The CNM solution is based on a metal catalyst deposition method that provides selective area deposition of metallic nanoparticles on silicon surfaces versus oxide surfaces. Before catalyst deposition, the substrates go through several micro-fabrication steps to pattern an oxide layer at the vertical sidewall of supporting silicon microstructures.

To verify the idea, the team used the approach to fabricate well ordered resonator arrays with predefined pitch, which are useful for optical readout. The scientists then made nanomechanical resonators for electrical transduction, where nanowires are precisely positioned with respect to reading and driving electrodes. This second example is particularly representative of the importance of horizontally patterned growth for nanomechanical devices.

Nanowire resonators exhibit a so-called resonant mode splitting effect, by which they can vibrate in two orthogonal directions at slightly different resonance frequencies for each flexural mode. This response had only been observed in nanowires by optical readout at low frequencies (<10 MHz), and it is a crucial effect for the development of nanomechanical sensors. First, because it modifies the expected Lorentzian frequency response; and second, because it provides two different observables (for each mode) to characterize the resonator's response to a given external effect or signal.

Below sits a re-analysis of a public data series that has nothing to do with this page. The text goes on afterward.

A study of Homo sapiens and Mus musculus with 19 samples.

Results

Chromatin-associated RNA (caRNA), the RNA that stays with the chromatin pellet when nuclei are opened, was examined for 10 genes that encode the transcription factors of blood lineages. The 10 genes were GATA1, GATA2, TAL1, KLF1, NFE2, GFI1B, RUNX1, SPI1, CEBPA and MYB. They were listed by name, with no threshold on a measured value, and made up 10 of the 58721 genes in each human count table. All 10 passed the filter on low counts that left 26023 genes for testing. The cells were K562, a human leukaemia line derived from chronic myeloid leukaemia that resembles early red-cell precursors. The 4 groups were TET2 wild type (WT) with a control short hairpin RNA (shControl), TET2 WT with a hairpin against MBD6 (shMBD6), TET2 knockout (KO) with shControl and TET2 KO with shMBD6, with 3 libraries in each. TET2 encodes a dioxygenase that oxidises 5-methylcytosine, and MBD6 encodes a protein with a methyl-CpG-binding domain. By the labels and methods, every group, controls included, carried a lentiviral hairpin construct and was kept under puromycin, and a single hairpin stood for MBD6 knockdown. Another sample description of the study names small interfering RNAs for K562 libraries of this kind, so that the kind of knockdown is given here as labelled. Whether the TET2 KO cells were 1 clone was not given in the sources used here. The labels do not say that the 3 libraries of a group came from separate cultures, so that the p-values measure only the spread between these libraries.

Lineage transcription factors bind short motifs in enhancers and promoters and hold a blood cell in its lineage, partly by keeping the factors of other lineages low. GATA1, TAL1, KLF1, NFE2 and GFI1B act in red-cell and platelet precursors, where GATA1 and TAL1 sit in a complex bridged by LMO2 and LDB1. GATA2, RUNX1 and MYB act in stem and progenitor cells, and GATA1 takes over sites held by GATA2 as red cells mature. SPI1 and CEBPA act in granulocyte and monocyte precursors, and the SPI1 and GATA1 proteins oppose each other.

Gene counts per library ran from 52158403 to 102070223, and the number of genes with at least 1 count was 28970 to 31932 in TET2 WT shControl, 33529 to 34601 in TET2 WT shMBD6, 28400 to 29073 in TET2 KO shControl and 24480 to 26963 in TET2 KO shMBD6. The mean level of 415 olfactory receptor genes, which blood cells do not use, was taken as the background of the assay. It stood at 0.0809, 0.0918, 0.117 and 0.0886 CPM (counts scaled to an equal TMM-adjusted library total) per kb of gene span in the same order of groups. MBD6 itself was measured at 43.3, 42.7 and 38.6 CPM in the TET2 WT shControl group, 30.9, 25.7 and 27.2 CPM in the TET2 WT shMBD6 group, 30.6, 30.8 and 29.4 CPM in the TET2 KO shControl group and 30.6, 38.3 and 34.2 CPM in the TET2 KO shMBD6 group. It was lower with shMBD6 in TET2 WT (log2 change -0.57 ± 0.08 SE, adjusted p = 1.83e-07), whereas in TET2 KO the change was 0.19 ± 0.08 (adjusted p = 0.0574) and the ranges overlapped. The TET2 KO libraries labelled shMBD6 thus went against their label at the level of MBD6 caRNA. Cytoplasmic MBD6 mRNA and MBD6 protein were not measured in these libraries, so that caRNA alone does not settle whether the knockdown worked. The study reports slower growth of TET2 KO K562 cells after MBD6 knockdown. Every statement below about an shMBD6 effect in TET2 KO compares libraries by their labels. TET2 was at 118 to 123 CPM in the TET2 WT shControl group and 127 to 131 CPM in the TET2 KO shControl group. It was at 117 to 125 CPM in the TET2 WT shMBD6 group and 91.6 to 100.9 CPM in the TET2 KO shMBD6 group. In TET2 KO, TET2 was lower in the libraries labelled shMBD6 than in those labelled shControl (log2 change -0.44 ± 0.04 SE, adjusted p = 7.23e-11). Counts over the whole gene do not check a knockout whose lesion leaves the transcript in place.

In spite of its importance, this effect had never been observed by electrical readout because of the lack of control of nanowire location. The Spanish group has found that horizontal growth with position control allows device makers to exploit the resonant mode splitting effect with electromechanical transduction at frequencies above 100 MHz, which carries important benefits in sensing performance.

Additional details can be found in the journal Nanotechnology.